Ex-Rep. Siljander Indicted
Former Rep. Mark Siljander (R-Mich.) was indicted for money laundering, conspiracy, and obstruction of justice on Wednesday for his alleged role in helping an Islamic charity accused of financing terrorists.
Siljander, 56, who served from 1981 to 1987, is charged with lying about whether he was lobbying the Senate Finance Committee to get the charity removed from a list of suspected terrorist organizations and helping the group mark stolen funds.
The Islamic American Relief Agency, as the charity was known, paid Siljander for the advocacy work with $50,000 in funds it allegedly stole from the U.S. Agency for International Development, according to the indictment.
Siljander later lied about the lobbying to federal investigators, telling them the payments were charitable donations to support a book he was writing about bridging the gap between Christianity and Islam, the indictment charges.
The 42-count indictment, unsealed in U.S. District Court in Kansas City, Mo., also charges the IARA with sending about $130,000 to Gulbuddin Hekmatyar, an Afghan mujahedeen leader whom the United States has designated as a terrorist with ties to al-Qaida and the Taliban.
The funds were concealed as charitable contributions to an orphanage located in buildings Hekmatyar owned, according to the indictment.
Assistant Attorney General for National Security Kenneth Wainstein said the indictment “paints a troubling picture of an American charity organization that engaged in transactions for the benefit of terrorists and conspired with a former United States Congressman to convert stolen federal funds into payment for his advocacy on behalf of the charity.”
Siljander did not return a call for comment.
The former lawmaker faces three counts of money laundering, one count of conspiracy and one count of obstruction of justice. Together, those crimes carry a maximum penalty of 90 years.
Siljander has agreed to surrender “in the near future,” said Don Ledford, a spokesman for the U.S. Attorney’s Office in Kansas City.
Aitan Goelman, a former Justice Department prosecutor with experience on terrorism, said the strength of the evidence notwithstanding, the charges set up a compelling case.
“The fact that this was money from American taxpayers that was later used to hire him to get this organization off the Senate’s list — it strikes me as having a great deal of innate jury appeal for a prosecutor,” he said.
Goelman said Siljander’s alleged lobbying for IARA itself was perfectly legal. But the indictment alleges Siljander knew he was being paid with stolen money and conspired to help launder it. The IARA transferred his payments to accounts he controlled with the International Foundation and the National Heritage Foundation, which helps administer family foundations.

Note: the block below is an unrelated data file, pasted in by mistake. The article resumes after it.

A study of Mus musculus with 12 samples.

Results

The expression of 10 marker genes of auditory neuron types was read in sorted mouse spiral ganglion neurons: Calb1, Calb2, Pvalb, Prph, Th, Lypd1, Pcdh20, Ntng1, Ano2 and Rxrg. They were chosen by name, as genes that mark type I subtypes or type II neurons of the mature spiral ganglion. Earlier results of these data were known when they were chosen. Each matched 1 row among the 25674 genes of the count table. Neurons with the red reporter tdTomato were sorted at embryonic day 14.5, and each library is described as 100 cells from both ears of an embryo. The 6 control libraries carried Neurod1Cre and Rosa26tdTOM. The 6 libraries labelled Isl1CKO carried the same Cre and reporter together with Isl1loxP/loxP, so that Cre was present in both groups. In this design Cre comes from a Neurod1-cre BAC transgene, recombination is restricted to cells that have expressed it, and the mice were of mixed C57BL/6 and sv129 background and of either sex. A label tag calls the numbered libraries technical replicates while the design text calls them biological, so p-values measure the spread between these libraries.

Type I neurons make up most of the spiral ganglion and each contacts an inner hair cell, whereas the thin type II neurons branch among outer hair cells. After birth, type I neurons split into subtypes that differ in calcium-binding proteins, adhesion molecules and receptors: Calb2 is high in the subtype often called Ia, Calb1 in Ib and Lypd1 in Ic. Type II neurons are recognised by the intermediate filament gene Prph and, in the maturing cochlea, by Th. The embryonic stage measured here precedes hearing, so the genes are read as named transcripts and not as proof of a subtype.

At 29, Siljander was elected to the House in 1981 to replace David Stockman when he resigned the Western Michigan seat to become President Ronald Reagan’s budget director.
An evangelical, he was outspoken on abortion, homosexuality and what he called “general moral-type issues.” He also served on the House Foreign Affairs subcommittees on Europe and the Middle East, and International Operations.
Siljander’s Congressional career ended in a 1986 primary battle with Rep. Fred Upton (R-Mich.). In the final days of that race, he sent local ministers a tape asking them to help him “break the back of Satan.” He blamed the resulting backlash for his loss.
The following year, President Reagan appointed him to serve as a U.S. delegate to the United Nations.
Siljander has only registered to lobby briefly, in 1998, with Advantage Associates, a firm made up of former lawmakers. Firm founder and former Rep. Bill Sarpalius (D-Texas) said Siljander was a “very nice guy” but failed to bring in any clients and the arrangement ended after a few months.
“He didn’t do anything that productive, so there was a parting of the ways,” Sarpalius said.
More recently, Siljander founded Global Strategies Inc., a consulting firm focused on government and public relations. “After spending nearly 25 years in Washington, D.C., power circles and traveling to 120 countries, I have learned that forging coalitions through a vast network of high-level international contacts can get things done,” Siljander says in a statement on the firm’s Web site. “‘Power politics’ is the art of accomplishing the impossible through a winning strategy by using a team of highly placed professionals.”